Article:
With the flu season well underway, there have been reports of concerns about the effectiveness of this year’s flu vaccinations. In some cases, individuals have decided not to be vaccinated due to such information. In other cases, those who have been vaccinated wonder if they are really protected. If you are still in the process of making up your mind, the following considerations may help as you make your decision.
Types of Influenza Viruses
The manufacture of flu shots begins as early as February prior to the flu season in question as the major viruses that have affected the Southern Hemisphere are reviewed to determine those that are most likely to impact the Northern Hemisphere later in the year. Of the three types of influenza viruses, only two, influenza A and B, are found to result in epidemic scenarios. Type C is a third variation but typically results in mild symptoms.
Limitations of a Vaccine
Trivalent vaccines are the most common options available, addressing both H1N1 and H3N2 strains of type A viruses and one strain of type B viruses. Quadrivalent vaccines are also manufactured, addressing two influenza B viruses along with the main influenza A strains. The current season’s vaccines have created a concern because of a drift from the H3N2 strain included in both trivalent and quadrivalent products. Although you may be vaccinated, it is possible to be infected with a different virus than those your immunization included.
Benefits of Being Vaccinated
Although a flu vaccine may protect against infection by certain strains, it may reduce the impact of a strain that is not included in the formulation for the season. Additionally, the vaccine can protect both the individual who is immunized and those with whom that person has frequent contact. Those who would be particularly vulnerable to the severe symptoms of influenza may benefit from reduced potential for a serious illness. These may include:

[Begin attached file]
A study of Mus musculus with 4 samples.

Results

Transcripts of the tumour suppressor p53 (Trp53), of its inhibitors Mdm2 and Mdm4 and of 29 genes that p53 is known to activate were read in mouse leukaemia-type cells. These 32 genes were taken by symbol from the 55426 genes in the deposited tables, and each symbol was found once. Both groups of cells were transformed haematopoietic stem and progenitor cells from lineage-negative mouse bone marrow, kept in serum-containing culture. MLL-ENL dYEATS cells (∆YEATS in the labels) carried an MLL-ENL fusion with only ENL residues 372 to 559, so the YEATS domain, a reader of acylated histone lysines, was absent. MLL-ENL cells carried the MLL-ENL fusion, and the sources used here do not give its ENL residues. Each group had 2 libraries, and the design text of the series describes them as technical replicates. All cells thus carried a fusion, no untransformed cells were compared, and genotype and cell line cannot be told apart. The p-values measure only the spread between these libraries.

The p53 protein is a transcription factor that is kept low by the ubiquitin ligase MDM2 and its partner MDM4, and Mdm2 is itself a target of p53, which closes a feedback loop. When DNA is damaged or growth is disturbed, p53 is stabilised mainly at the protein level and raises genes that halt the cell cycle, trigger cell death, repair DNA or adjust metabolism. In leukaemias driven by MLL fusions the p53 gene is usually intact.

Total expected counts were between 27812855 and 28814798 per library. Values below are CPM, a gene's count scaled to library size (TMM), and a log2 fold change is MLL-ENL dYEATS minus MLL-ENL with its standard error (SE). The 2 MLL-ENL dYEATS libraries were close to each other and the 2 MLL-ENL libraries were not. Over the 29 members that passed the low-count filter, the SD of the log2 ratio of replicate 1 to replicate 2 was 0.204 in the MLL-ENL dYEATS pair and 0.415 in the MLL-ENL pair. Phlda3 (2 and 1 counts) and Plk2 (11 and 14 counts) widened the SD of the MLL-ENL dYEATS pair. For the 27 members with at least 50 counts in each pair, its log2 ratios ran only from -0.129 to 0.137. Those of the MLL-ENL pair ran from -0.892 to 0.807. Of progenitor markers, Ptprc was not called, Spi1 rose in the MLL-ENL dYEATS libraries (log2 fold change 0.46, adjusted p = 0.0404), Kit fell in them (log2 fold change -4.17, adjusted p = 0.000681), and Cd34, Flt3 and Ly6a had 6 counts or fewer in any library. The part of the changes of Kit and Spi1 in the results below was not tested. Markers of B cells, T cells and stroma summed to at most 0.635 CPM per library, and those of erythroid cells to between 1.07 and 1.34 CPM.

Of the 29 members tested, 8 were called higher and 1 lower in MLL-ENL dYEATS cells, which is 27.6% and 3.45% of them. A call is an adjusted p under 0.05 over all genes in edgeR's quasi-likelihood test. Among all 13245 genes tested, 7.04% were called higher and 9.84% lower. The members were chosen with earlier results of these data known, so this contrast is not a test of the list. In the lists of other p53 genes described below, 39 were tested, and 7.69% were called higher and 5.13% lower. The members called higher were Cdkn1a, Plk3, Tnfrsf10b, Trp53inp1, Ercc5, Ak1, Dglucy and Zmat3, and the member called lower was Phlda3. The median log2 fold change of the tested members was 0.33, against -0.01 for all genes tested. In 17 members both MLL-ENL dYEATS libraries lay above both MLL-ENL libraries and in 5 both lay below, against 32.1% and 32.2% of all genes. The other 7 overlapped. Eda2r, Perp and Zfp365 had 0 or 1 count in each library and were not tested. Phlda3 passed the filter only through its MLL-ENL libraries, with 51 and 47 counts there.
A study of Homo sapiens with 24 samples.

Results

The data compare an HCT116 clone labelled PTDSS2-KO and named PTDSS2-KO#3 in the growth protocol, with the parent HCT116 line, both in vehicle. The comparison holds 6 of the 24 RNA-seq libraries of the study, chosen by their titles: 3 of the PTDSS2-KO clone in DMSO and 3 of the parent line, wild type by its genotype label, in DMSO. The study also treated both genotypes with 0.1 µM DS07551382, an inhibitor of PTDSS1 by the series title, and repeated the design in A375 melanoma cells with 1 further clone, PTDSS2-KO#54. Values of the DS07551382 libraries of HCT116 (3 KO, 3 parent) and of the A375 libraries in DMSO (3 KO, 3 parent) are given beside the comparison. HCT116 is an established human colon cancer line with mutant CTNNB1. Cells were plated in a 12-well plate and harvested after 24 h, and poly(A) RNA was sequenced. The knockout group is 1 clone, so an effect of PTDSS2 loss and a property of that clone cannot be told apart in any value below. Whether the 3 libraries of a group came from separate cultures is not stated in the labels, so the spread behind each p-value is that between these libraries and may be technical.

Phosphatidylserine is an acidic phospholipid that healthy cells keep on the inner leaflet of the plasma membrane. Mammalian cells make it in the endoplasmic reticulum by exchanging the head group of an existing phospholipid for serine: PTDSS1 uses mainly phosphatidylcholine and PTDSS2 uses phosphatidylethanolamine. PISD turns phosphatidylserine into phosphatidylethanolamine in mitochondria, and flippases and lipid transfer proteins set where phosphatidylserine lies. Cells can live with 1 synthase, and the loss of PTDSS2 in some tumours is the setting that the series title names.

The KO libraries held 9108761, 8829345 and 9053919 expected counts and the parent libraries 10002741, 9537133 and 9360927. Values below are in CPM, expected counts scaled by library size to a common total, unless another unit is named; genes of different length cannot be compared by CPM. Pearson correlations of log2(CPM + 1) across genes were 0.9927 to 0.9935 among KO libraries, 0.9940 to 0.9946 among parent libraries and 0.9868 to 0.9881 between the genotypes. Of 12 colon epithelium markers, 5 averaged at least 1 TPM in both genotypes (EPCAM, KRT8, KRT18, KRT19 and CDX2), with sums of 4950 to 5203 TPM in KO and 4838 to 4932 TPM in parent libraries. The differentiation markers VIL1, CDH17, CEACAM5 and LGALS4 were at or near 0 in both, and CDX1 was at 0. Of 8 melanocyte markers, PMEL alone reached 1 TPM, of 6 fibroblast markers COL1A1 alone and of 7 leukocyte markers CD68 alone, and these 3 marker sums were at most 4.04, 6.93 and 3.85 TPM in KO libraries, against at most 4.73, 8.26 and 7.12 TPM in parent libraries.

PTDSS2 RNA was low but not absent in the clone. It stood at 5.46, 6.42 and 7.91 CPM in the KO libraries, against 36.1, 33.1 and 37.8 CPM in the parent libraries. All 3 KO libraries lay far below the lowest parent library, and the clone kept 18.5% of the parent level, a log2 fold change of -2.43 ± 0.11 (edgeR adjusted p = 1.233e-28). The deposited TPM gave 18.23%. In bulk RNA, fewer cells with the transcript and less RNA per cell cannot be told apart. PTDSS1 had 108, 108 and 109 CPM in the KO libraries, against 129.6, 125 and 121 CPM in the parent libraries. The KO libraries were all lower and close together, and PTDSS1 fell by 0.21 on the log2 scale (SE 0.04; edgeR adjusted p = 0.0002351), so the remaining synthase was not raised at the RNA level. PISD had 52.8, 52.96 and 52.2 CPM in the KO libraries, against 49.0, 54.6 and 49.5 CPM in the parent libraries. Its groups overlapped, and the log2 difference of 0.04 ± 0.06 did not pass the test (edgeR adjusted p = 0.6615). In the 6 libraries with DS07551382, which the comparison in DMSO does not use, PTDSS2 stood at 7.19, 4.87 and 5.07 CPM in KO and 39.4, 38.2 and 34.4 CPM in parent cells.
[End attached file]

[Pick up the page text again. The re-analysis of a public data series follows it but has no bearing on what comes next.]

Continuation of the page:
- Young children
- Elderly individuals
- Those with chronic health issues such as heart or lung disease or diabetes
- Pregnant women and their unborn children
Risks of Being Vaccinated
A flu shot could lead to some discomforts and potential risks for certain individuals. For example, a shot may result in swelling or soreness. However, nasal injections are also available as an alternative and are considered the option of preference for children between two and eight years of age. Some individuals may run a low-grade fever or feel achy after receiving a vaccine. Although rare, severe allergic reactions are possible. These are deemed to be most likely among those who are allergic to eggs because chicken eggs are used in growing the viruses used to manufacture the vaccines. Although some individuals report flu-like symptoms after receiving vaccinations, the flu shot cannot give you the flu due to the fact that it is made with viruses that are not infectious.
The decision to have your flu vaccine may involve the counsel of your healthcare provider so that your specific risks for flu are taken into account. If you do experience the flu or other winter illnesses, your Honest Discounts card may be helpful for cutting costs at the pharmacy as you fill prescriptions for dealing with your symptoms.